On May 16, 2016, the US Securities and Exchange Commission (SEC) ripped a hole in long-standing regulations concerning equity investments in nonpublicly traded companies. Introduced as part of the Jumpstart Our Business Startups Act (JOBS) of 2012, the move exempted companies that use web-based crowdfund methods to sell equity stakes in their business from costly and labor-intensive registration processes. It also lowered investor requirements.
The SEC pushed back the restrictions even more in a 2021 follow-up, raising companies’ annual fundraising limit nearly five-fold to $5 million per year and removing the previous cap on investments for accredited investors.
“Those two changes have really poured fuel on the fire of the crowdfunded securities market,” said Franz Hochstrasser, CEO and cofounder of online local impact investing platform Raise Green. He added that as a result, the crowdfunding equity market is on pace to raise at least $1 billion in 2021. That marks more than four times the $239 million raised in 2020—its previous all-time high.
“That’s important, because this democratized form of investing—in which nonaccredited investors are allowed to come in on private deals—really does flip the table on traditional financial firms,” he said.
The ripple effects stand to expand opportunities for smaller investors as well as boost access to capital for many enterprises, including those that emphasize impact as much as returns.
Expanding Access Beyond the Wealthy
For decades, private equity was only offered to accredited investors, as defined in the Securities Act of 1933. The regulation was based on the thought that wealthier indivuals were more investment savvy. It was also meant to help protect individual investors who own modest levels of assets—either a net worth of at least $1 million or an annual income of at least $200,000 for two years, according to the current threshholds.
Such distinctions began eroding in 2005–06 with the debut of Kiva, which allowed individuals to collectively lend money to entrepreneurs and students in developing nations. It was joined by peer-to-peer financing firm Lending Club, which was designed for individuals to extend loans of varying sizes to US-based businesses that may otherwise struggle to secure capital. Their success fueled interest in similar outlets offering equity in start-ups and early stage companies struggling to secure financing.
The JOBS Act answered that call. As a result, any investor may currently participate in equity crowdfunding offerings for as little as $100, although nonaccredited investors are subject to investment limits of around $2,200 per offering. The limits act as a measure to minimize individuals’ exposure to highly speculative investments.
“The ability to raise money from the general public is really a customer-building exercise as well, as it’s more of a two-way dialogue to the capital formation process rather than the strict traditional morality of, ‘This is the way it has to happen,'” Hochstrasser said. “And that’s particularly valuable for small businesses and project financing at the community level.”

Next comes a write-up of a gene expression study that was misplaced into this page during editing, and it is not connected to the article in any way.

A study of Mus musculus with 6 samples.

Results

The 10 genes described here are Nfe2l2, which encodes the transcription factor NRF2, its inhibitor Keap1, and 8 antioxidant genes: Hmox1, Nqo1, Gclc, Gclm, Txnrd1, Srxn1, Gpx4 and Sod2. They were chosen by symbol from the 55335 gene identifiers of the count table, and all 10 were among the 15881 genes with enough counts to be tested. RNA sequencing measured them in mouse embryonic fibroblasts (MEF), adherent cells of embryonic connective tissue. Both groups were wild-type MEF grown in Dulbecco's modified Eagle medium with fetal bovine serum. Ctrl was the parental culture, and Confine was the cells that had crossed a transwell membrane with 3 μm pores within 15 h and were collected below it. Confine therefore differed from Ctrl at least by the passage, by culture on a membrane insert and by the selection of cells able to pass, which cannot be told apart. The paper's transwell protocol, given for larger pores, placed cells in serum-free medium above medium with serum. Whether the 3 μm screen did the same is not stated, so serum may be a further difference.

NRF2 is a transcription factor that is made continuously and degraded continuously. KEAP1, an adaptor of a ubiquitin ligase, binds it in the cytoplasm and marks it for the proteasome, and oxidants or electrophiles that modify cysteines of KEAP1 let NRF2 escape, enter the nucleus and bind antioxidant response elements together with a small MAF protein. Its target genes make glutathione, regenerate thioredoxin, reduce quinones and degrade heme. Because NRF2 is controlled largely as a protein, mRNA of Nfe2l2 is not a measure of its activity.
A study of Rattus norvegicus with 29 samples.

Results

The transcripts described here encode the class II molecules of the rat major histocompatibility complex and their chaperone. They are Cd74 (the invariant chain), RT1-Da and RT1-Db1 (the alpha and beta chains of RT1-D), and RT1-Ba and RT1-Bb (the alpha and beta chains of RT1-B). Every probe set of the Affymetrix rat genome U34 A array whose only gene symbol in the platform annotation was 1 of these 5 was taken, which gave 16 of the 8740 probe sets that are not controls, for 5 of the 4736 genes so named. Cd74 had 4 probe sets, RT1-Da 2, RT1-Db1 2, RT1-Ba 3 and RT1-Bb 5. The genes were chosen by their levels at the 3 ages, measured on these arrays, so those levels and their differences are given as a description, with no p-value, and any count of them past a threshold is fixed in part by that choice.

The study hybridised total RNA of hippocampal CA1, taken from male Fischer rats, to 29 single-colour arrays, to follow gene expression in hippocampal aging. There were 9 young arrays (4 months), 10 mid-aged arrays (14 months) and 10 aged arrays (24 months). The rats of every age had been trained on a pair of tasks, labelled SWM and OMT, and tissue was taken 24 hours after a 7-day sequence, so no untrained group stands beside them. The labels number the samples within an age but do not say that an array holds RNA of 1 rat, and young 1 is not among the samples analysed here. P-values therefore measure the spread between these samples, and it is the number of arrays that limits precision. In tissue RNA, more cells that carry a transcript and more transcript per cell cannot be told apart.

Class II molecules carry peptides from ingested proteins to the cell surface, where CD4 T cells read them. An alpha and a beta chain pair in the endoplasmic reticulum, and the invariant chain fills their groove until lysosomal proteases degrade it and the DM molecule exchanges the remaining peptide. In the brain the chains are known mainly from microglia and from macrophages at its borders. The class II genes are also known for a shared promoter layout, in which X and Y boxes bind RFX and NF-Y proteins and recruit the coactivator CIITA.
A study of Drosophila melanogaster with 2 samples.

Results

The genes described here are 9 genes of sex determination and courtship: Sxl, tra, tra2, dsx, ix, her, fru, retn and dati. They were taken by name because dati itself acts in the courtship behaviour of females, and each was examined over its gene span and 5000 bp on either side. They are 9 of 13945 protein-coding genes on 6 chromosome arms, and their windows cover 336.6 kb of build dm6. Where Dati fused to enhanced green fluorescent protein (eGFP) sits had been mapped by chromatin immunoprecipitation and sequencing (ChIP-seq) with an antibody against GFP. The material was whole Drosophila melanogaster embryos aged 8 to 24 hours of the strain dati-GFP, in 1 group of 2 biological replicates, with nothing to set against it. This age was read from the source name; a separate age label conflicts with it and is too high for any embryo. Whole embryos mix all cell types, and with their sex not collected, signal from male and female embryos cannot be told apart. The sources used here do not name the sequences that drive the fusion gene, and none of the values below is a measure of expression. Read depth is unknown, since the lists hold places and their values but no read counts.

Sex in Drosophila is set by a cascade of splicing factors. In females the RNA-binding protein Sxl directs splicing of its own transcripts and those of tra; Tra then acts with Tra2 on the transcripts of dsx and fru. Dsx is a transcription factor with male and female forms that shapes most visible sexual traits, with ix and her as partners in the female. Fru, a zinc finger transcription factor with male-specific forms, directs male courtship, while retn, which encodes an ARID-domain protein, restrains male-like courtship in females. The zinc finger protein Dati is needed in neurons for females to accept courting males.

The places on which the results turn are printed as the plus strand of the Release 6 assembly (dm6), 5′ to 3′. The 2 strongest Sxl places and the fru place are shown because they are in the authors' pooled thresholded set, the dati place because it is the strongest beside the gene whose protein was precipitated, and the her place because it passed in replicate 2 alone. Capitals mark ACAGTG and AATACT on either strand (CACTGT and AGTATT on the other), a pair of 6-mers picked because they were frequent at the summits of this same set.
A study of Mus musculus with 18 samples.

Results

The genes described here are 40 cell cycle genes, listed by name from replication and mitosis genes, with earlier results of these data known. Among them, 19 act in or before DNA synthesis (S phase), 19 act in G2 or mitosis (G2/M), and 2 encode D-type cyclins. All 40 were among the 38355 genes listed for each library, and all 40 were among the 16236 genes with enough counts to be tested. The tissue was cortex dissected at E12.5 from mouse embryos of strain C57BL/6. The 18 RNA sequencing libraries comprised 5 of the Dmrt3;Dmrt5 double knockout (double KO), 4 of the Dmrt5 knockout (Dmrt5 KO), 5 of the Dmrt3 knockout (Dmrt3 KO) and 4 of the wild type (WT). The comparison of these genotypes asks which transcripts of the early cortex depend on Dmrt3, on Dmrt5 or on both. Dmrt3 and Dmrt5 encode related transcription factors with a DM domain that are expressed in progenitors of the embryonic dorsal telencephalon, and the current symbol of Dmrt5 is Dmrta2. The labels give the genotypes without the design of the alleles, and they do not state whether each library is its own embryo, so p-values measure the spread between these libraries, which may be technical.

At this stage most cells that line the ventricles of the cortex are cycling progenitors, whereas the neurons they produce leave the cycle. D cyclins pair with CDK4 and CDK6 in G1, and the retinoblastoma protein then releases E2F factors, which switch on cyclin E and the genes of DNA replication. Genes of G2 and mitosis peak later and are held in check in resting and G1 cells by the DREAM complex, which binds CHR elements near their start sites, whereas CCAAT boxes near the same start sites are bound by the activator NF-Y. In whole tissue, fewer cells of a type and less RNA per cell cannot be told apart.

Resonating in the Impact Investing Space
An expanding subset within the crowdfunding realm is impact investing, where the previously high barriers to entry limited opportunities for individual investors seeking capital to large projects. When allowed to crowdfund, investment firms and portals may coordinate financing for smaller initiatives with a broader range of investment levels while also targeting varied ESG goals.
For example, rabble focuses on urban impacts, fostering access to nutritious food, creative spaces, and responsible real estate. Raise Green centers its efforts on clean energy solutions. In addition, aggregator sites such as investibule pull together community-focused investment opportunities from the more than 60 registered crowdfunding portals.
Offerings range across equity shares in an enterprise, loans for specific projects, prepaid support for locally owned retail outlets, and beyond. Hochstrasser said the flexibility of options has proven valuable to most of the business owners and project developers he’s met.
“Issuers appreciate being able to set their own terms for financing as opposed to taking the terms dictated by a commercial banker or private equity firm,” he said.
Advancing Beyond First-Movers
In light of the traction the still-nascent crowdfunding finance space has gained over the past few years, Hochstrasser has noticed interest evolve—from the earliest-stage investors with an eye toward innovative takes on long-standing practices to those driven by passion for impact and ESG goals.
Perhaps just as important for the field as it approaches mainstream awareness, a number of complementary administrative, insurance, and accounting service providers have surfaced. This has been especially true over the past 6–12 months.
“More and more innovation is happening every day,” Hochstrasser said. “Plus, there’s a growing interest among some of the bigger financial institutions, which previously ignored the crowdfunding space.”
New momentum around crowdfunded finance keeps growing at both extremes of the investment community, from the largest money managers to the smallest individual investors. In turn, the outlooks for cash-strapped grassroots impact organizations stand to brighten considerably.